Poster Presentations

Start Date

20-5-2014 12:30 PM

Description

Maternal influence has been reported to play a significant role in the health behaviors of children. In Caucasian girls, it has been reported that mother-daughter relationship can influence psychosocial variables such as physical activity (PA) self-efficacy. Currently, there is very little data on the impact of African-American girls’ perception of their relationship with their mother and psychosocial variables. PURPOSE: To examine the association between mother-daughter relationship, PA self-efficacy (PA-SE) and PA levels in African-American girls. METHODS: Baseline data from mothers (n=28; age=37.0±6.7 years; BMI=33.5±10.6 kg/m2) and daughters (n=32; age=9.0±1.2 years; BMI=20.4±5.7 kg/m2, 90th percentile) participating in an afterschool mother-daughter PA study was used in this analysis. PA was measured for 7 continuous days using accelerometers. Parental Responsiveness (PR) and Adolescent Openness to Parental Socialization scales were used to assess mother-daughter relationship. Daughters’ self-esteem and depressive symptoms were assessed with the Rosenberg Self-Esteem (RSE) scale and the Child Depression Inventory (CDI), respectively. Participants’ PA-SE was assessed with validated questionnaires. Spearman correlations were used to examine associations between mother-daughter relationship, psychosocial variables, and PA levels. Daughters’ scores for the PR scale were divided into tertiles. Between group (high versus low perception of mother-daughter relationship) differences in psychosocial variables and PA were assessed with t-tests. RESULTS: Daughters’ perception of their mother-daughter relationship was positively correlated with RSE (r=0.36, p=0.04). Daughters’ percent time spent in MVPA was negatively correlated with CDI (r=-0.42, p=0.03) and positively correlated with mothers’ PA-SE (r=0.44, p=0.04). With respect to daughters’ PR scale, significant differences in RSE score (HIGH=23.82±4.33; LOW=18.20±4.87, p=0.01) and percent time spent in sedentary activity (HIGH=27.83±32.31; LOW=57.41±20.93, p=0.02) were observed between tertiles. CONCLUSION: African-American girls’ perception of their relationship with their mother seems to be associated with self-esteem, depressive symptoms and sedentary pursuits. Future studies should target interventions that improve mother-daughter relationship.

Comments

Abstract of poster presented at the 2014 UMass Center for Clinical and Translational Science Research Retreat, held on May 20, 2014 at the University of Massachusetts Medical School, Worcester, Mass.

Creative Commons License

Creative Commons Attribution-Noncommercial-Share Alike 3.0 License
This work is licensed under a Creative Commons Attribution-Noncommercial-Share Alike 3.0 License.

 
May 20th, 12:30 PM

Is African-American Girls’ Perception of their Mother-Daughter Relationship Associated to Psychosocial and Physical Activity Variables?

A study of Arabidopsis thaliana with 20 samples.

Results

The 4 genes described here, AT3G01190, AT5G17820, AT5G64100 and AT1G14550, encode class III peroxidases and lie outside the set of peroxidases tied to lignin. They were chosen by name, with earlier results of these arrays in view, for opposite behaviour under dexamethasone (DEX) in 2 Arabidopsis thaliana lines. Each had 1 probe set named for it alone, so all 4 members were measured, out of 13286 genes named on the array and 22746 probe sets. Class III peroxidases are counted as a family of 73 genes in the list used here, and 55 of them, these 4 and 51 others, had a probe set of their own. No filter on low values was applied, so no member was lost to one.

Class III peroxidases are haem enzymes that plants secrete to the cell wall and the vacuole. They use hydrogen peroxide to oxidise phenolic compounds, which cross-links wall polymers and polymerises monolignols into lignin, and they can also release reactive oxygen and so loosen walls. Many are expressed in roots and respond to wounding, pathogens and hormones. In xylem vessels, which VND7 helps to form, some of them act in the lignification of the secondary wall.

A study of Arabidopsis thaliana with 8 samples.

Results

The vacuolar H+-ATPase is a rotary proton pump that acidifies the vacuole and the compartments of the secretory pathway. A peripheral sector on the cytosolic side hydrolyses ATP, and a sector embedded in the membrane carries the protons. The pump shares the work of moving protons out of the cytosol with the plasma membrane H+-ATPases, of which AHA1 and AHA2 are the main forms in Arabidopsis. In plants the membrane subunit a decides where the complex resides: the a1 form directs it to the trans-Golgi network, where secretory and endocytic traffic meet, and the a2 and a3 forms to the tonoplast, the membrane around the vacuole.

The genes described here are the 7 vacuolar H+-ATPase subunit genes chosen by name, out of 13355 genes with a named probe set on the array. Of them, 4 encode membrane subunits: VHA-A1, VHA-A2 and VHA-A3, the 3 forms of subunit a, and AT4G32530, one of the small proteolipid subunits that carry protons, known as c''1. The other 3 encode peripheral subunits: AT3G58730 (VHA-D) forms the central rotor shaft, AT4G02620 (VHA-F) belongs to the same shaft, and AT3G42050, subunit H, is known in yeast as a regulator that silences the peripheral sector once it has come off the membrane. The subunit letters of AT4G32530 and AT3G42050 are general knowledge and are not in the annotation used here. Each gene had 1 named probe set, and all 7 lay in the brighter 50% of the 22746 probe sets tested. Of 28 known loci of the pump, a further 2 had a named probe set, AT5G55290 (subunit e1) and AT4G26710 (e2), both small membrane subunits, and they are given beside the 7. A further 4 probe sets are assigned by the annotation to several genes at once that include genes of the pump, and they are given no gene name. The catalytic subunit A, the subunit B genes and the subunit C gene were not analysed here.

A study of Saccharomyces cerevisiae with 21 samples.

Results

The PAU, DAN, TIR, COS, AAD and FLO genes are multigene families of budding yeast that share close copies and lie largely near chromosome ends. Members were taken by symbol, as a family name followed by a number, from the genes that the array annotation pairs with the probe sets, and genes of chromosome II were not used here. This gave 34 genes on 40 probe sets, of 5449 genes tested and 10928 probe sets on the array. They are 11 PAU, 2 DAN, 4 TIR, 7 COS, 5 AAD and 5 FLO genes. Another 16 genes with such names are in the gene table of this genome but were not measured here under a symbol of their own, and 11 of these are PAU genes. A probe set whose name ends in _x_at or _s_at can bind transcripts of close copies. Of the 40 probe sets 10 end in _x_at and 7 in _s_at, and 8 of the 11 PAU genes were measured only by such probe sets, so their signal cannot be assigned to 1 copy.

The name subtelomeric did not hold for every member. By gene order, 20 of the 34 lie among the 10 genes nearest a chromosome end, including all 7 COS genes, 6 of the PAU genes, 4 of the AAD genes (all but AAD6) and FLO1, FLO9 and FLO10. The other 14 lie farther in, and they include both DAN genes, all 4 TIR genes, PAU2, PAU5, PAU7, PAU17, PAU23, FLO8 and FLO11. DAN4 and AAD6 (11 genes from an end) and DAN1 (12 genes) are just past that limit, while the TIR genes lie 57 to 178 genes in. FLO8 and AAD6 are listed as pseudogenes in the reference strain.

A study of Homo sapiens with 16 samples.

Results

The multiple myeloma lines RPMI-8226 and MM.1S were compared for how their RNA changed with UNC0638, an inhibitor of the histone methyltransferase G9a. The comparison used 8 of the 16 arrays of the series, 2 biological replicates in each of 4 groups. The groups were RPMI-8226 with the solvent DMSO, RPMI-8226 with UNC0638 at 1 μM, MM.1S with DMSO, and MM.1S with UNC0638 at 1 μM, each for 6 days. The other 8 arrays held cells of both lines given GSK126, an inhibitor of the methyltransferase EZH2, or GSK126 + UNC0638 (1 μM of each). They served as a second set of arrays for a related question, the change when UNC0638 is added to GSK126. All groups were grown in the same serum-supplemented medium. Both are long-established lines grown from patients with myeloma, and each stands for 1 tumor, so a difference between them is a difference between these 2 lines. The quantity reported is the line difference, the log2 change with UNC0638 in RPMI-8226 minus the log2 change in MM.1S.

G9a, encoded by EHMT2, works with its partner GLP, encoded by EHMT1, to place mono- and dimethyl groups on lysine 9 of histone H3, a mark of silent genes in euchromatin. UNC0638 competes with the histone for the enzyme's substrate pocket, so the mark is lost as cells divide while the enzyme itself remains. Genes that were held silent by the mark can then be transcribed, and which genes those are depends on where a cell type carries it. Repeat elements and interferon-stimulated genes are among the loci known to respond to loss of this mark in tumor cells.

Maternal influence has been reported to play a significant role in the health behaviors of children. In Caucasian girls, it has been reported that mother-daughter relationship can influence psychosocial variables such as physical activity (PA) self-efficacy. Currently, there is very little data on the impact of African-American girls’ perception of their relationship with their mother and psychosocial variables. PURPOSE: To examine the association between mother-daughter relationship, PA self-efficacy (PA-SE) and PA levels in African-American girls. METHODS: Baseline data from mothers (n=28; age=37.0±6.7 years; BMI=33.5±10.6 kg/m2) and daughters (n=32; age=9.0±1.2 years; BMI=20.4±5.7 kg/m2, 90th percentile) participating in an afterschool mother-daughter PA study was used in this analysis. PA was measured for 7 continuous days using accelerometers. Parental Responsiveness (PR) and Adolescent Openness to Parental Socialization scales were used to assess mother-daughter relationship. Daughters’ self-esteem and depressive symptoms were assessed with the Rosenberg Self-Esteem (RSE) scale and the Child Depression Inventory (CDI), respectively. Participants’ PA-SE was assessed with validated questionnaires. Spearman correlations were used to examine associations between mother-daughter relationship, psychosocial variables, and PA levels. Daughters’ scores for the PR scale were divided into tertiles. Between group (high versus low perception of mother-daughter relationship) differences in psychosocial variables and PA were assessed with t-tests. RESULTS: Daughters’ perception of their mother-daughter relationship was positively correlated with RSE (r=0.36, p=0.04). Daughters’ percent time spent in MVPA was negatively correlated with CDI (r=-0.42, p=0.03) and positively correlated with mothers’ PA-SE (r=0.44, p=0.04). With respect to daughters’ PR scale, significant differences in RSE score (HIGH=23.82±4.33; LOW=18.20±4.87, p=0.01) and percent time spent in sedentary activity (HIGH=27.83±32.31; LOW=57.41±20.93, p=0.02) were observed between tertiles. CONCLUSION: African-American girls’ perception of their relationship with their mother seems to be associated with self-esteem, depressive symptoms and sedentary pursuits. Future studies should target interventions that improve mother-daughter relationship.